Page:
THE ALLURE OF VENICE
WHISTLER HOUSE MUSEUM OF ART
243 WORTHEN STREET
THROUGH JUNE 23
by Flavia Cigliano
Whistler House Museum of Art, in partnership with Fry Fine Art, is presenting a special exhibit of paintings by underappreciated late 19th century New England artist Walter Franklin Lansil. “Allure of Venice” presents 70 paintings depicting the lagoon, canals and architecture of Venice, one of the world’s great cultural sites.
Venice’s fabled appeal to artists and writers begins with the city’s unique history. For centuries, the Republic of Venice, ruled by an extremely wealthy and powerful merchant class, was an economic powerhouse, serving as an essential link in the trade routes between Europe and Asia. During the 15th and 16th centuries, patronage of the arts became an active competition among the rich, with individuals, families and the Republic’s government vying for the public notoriety that came with art patronage. The result was a city laden with extraordinary paintings, architecture and music.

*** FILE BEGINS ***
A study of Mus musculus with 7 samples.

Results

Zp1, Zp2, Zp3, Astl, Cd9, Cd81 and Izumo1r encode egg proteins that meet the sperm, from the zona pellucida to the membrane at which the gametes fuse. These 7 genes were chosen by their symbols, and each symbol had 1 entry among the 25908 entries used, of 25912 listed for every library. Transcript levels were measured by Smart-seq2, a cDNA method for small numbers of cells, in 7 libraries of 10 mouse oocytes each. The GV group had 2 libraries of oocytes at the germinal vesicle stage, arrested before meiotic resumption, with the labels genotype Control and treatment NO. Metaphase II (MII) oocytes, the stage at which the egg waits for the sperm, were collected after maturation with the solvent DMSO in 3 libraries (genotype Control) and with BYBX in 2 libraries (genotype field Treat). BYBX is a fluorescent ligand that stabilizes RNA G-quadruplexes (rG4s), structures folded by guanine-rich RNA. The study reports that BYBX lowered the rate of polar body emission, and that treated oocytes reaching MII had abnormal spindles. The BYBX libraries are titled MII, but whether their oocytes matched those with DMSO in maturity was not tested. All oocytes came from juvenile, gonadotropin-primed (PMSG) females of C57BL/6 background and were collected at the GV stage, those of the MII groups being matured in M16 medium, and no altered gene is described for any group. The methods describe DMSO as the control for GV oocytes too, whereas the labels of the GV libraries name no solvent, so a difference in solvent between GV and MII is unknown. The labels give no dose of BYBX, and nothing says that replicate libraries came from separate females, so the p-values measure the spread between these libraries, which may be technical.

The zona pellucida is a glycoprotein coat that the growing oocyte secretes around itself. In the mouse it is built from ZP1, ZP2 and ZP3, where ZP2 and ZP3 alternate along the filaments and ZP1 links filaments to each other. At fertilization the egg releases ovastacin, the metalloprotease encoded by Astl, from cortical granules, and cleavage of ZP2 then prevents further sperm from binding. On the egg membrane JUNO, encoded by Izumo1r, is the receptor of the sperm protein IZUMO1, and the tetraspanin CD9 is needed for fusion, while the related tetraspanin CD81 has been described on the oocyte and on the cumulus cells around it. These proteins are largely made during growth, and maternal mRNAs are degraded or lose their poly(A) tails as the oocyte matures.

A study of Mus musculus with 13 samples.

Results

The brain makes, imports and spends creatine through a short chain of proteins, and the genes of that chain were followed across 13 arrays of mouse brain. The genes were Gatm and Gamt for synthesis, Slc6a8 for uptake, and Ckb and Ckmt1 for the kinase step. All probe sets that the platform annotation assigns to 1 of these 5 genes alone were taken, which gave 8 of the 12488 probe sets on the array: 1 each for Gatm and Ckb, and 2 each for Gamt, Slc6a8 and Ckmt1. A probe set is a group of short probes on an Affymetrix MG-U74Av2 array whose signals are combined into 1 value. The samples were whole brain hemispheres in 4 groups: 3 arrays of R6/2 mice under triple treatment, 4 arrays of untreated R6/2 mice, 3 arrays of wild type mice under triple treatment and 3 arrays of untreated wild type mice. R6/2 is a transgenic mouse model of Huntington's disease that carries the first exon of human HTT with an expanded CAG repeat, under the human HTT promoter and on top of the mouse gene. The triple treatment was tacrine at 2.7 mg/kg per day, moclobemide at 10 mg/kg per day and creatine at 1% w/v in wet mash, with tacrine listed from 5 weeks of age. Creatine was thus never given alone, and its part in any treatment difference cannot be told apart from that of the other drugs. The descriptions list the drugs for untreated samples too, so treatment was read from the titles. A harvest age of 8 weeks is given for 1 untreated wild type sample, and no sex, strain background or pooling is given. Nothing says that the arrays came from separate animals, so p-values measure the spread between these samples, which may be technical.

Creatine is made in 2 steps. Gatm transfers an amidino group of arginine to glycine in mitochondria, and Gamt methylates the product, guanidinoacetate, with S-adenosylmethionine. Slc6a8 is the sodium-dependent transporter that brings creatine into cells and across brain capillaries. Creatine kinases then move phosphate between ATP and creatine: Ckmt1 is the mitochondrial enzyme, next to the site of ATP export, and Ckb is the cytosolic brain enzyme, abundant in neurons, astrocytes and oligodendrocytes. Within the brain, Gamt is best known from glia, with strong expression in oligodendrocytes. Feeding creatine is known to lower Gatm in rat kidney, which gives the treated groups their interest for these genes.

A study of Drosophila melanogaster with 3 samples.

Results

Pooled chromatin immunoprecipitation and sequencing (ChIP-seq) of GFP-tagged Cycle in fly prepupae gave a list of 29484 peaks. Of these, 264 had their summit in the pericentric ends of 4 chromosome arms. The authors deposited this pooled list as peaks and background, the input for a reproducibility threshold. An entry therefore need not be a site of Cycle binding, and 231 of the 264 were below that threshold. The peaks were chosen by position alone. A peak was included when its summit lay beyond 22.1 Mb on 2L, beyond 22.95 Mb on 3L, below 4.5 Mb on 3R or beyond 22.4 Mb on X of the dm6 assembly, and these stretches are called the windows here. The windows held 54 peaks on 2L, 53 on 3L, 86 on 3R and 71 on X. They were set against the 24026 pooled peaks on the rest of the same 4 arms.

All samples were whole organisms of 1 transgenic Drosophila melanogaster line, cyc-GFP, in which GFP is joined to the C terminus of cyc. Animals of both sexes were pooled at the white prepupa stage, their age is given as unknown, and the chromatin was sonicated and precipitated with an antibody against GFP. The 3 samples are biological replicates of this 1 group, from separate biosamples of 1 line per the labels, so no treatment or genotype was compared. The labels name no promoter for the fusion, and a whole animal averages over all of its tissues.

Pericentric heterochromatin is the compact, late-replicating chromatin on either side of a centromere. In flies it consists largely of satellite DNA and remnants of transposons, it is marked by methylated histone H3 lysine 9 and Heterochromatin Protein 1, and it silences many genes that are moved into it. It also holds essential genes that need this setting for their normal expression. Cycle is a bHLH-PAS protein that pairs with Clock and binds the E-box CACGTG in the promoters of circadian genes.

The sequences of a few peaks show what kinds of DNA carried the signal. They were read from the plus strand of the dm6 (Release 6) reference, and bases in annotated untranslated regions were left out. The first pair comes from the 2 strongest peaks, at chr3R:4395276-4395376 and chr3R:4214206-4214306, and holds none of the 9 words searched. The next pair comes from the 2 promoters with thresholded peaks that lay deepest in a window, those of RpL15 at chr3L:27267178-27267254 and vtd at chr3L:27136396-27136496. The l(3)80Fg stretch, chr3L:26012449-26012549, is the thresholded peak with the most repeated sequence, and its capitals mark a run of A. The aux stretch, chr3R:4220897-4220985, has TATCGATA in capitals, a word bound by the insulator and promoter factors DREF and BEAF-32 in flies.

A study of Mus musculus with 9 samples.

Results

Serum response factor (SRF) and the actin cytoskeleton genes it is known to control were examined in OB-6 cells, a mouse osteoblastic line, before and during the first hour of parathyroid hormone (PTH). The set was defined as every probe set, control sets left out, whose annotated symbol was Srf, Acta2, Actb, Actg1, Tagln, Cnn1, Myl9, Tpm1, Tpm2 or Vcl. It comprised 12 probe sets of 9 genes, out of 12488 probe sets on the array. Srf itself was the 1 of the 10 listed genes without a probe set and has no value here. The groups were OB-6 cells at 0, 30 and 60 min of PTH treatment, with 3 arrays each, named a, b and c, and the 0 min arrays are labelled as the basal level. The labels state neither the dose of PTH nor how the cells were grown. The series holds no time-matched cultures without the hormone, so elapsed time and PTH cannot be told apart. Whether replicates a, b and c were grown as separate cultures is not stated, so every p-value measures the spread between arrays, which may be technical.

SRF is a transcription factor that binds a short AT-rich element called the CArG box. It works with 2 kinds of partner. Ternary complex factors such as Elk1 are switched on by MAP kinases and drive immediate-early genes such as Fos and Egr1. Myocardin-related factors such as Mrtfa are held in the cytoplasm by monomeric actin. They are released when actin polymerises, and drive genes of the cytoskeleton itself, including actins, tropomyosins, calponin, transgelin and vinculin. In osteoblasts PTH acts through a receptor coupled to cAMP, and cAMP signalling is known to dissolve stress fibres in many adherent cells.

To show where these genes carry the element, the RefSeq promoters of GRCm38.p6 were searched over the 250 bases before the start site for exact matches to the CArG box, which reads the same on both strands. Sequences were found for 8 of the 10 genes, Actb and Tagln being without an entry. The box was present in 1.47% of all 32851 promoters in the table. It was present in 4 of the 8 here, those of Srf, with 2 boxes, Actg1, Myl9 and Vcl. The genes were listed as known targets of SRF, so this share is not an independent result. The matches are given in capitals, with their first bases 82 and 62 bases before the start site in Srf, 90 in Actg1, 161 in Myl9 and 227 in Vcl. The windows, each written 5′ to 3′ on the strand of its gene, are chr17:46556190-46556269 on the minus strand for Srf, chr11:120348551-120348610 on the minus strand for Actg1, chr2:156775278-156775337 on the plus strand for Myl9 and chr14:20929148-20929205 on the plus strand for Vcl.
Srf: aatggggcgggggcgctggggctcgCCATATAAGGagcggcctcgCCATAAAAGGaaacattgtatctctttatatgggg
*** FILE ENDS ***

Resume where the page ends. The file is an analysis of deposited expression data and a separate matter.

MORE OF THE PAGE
Even after Venice’s commercial prosperity and political powers had substantially declined in the late 1700s, its cultural clout remained. It was a magnet for American and European artists and writers attracted to the city’s abundance of ornate building facades, its frescoes and paintings in public buildings, churches and palaces and the splendid reflections in its lagoon and canals.
John Singer Sargent, Childe Hassam and Maurice Prendergast, already established artists, were among the prominent Americans who painted in Venice. In 1879, James McNeill Whistler was commissioned by the Fine Art Society of London to produce a set of 12 etchings of Venice, a grouping of prints that would be considered unprecedented in their originality and instrumental in understanding Whistler’s genius as a printmaker. (The Whistler House Museum is his birthplace.)